Two years ago, the PSI, under the leadership of Sen. Carl Levin (D-MI), issued detailed investigative reports exposing the egregious tax avoidance practiced by Apple and Microsoft. But the committee’s new leaders are taking an entirely different tack. Committee chairman Rob Portman (R-OH), after listening sympathetically to corporate whining about the nation’s allegedly burdensome corporate tax system, lamented that “if there’s a villain in this story it’s the U.S. tax code.” This was in response to testimony from a number of corporate spokespeople who presented inaccurate pictures of how the tax code treats their companies.

A more critical audience (or a reader of CTJ’s recent memo to the PSI published in advance of yesterday’s hearing) might have drawn different conclusions from yesterday’s testimony. One invited witness, Boston Beer executive Jim Koch, complained that his company pays “a tax rate of about 38 percent” on its U.S. profits. A closer examination, however, shows that Koch’s estimate is hugely inflated.

To be sure, Boston Beer’s 2014 annual report does assert that its current and deferred federal and state income taxes were 38 percent of its U.S. income. But that figure is a fiction, for two reasons.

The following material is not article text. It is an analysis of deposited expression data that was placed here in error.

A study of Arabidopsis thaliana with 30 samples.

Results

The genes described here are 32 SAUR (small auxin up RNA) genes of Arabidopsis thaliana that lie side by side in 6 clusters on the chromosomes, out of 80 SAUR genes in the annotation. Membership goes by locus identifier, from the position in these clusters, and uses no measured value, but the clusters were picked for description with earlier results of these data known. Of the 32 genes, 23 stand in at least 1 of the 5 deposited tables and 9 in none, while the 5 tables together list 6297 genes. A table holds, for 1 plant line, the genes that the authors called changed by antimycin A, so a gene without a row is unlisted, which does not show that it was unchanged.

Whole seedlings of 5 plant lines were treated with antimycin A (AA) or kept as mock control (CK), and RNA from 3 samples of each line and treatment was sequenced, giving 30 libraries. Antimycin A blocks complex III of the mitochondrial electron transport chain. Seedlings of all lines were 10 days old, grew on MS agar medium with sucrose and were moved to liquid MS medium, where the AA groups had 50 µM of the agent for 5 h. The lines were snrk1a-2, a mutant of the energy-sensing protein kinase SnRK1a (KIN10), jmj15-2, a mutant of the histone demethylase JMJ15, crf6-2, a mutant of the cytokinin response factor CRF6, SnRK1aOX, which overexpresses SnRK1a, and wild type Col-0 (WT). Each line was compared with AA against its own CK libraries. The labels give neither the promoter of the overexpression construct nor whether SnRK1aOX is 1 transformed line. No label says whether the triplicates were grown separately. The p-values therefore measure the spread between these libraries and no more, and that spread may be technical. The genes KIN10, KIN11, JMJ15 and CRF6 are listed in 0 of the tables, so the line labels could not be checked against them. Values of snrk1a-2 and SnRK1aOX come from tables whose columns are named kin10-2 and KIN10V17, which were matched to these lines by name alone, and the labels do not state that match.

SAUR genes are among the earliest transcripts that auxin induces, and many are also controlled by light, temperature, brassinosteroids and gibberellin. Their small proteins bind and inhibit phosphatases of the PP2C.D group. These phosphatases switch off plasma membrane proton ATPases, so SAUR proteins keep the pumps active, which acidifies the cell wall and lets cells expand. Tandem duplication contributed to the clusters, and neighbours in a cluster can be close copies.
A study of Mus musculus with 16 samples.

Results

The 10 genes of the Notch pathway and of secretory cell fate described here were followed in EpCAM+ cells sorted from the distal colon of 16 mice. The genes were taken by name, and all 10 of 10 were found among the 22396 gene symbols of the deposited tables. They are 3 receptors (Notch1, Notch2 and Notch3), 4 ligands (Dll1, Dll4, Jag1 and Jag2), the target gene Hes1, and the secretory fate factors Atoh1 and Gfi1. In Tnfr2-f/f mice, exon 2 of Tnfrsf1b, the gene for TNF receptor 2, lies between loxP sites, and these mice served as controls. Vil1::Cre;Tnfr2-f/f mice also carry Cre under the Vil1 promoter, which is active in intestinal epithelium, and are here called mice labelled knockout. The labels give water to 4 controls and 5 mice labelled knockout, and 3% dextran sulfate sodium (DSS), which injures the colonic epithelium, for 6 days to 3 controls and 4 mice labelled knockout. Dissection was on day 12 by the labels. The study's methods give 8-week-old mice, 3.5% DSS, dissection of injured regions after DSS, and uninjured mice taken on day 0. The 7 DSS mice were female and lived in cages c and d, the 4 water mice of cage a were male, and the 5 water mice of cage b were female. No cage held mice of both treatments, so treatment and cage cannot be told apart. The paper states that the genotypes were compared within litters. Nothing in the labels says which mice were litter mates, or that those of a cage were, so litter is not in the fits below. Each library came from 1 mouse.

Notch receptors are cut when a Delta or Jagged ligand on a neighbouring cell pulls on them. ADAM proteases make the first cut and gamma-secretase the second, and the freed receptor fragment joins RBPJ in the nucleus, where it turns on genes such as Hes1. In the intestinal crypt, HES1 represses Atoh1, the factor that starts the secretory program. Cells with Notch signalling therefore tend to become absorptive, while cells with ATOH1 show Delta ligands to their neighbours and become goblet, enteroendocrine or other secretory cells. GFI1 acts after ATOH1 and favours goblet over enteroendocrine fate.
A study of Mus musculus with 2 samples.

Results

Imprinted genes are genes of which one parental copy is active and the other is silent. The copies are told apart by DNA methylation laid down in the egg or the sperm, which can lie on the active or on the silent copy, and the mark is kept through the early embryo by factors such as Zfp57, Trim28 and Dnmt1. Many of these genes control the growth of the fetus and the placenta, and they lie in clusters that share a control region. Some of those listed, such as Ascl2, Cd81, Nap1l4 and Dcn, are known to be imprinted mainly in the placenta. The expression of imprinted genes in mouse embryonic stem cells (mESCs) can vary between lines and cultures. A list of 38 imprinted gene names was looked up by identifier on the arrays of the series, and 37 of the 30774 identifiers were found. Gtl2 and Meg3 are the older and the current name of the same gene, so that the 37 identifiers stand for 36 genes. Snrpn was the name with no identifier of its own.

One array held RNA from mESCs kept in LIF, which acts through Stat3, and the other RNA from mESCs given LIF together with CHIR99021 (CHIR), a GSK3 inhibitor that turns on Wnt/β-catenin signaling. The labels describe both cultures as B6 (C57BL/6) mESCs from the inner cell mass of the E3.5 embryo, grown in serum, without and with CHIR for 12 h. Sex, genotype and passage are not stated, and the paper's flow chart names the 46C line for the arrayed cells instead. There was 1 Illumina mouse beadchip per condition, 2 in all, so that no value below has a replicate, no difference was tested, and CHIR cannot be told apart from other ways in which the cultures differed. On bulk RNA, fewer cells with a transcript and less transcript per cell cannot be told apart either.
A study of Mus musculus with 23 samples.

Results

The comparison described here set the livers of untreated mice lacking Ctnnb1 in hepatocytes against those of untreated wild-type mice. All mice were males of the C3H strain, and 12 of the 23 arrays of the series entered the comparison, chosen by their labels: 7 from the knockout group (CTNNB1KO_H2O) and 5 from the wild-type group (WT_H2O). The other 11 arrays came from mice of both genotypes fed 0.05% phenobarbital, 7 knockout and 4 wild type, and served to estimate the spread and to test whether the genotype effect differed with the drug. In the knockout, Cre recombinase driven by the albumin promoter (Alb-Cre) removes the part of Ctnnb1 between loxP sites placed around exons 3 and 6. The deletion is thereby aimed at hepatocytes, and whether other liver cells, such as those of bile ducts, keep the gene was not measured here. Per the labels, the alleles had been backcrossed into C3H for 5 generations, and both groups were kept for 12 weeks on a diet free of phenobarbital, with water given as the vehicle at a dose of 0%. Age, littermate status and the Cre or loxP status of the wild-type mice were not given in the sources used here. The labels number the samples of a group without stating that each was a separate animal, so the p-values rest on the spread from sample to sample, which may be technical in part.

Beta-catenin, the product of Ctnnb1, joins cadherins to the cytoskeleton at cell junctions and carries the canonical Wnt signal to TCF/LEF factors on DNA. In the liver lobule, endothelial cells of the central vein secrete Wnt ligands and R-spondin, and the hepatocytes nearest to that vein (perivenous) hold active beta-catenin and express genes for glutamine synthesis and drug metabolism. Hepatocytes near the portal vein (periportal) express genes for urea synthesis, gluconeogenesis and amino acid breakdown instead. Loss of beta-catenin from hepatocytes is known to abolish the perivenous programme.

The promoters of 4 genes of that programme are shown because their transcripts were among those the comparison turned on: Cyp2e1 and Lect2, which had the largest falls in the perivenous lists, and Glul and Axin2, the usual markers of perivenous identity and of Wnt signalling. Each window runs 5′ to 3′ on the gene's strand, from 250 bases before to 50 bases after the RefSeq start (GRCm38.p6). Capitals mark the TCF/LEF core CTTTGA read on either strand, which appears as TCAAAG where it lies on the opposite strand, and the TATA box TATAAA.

First, a large share of these so-called taxes were “deferred,” meaning that the company has not yet paid them, and may never do so. Second, Boston Beer benefitted handsomely from a tax break for executive stock options that, for arcane accounting reasons, is not reflected as a tax reduction in companies’ annual reports. Making these two adjustments shows that Boston Beer’s actual federal and state effective tax rate was only 15 percent.

This week’s PSI hearing confirms the analysis of Bloomberg reporters Jesse Drucker and Richard Rubin, who noted earlier this week that the new leadership of the PSI appears far more interested in investigating the U.S. government than in chasing down corporate tax dodgers. That’s a real shame.

Tax avoidance thrives on opacity, and the PSI’s previous in-depth investigations of convoluted international tax schemes brought to light important details of the tax dodges that real reform would bring to an end. The PSI’s new leadership would do well to follow the example set by Sen. Levin. But so far, it seems unlikely that they will do so.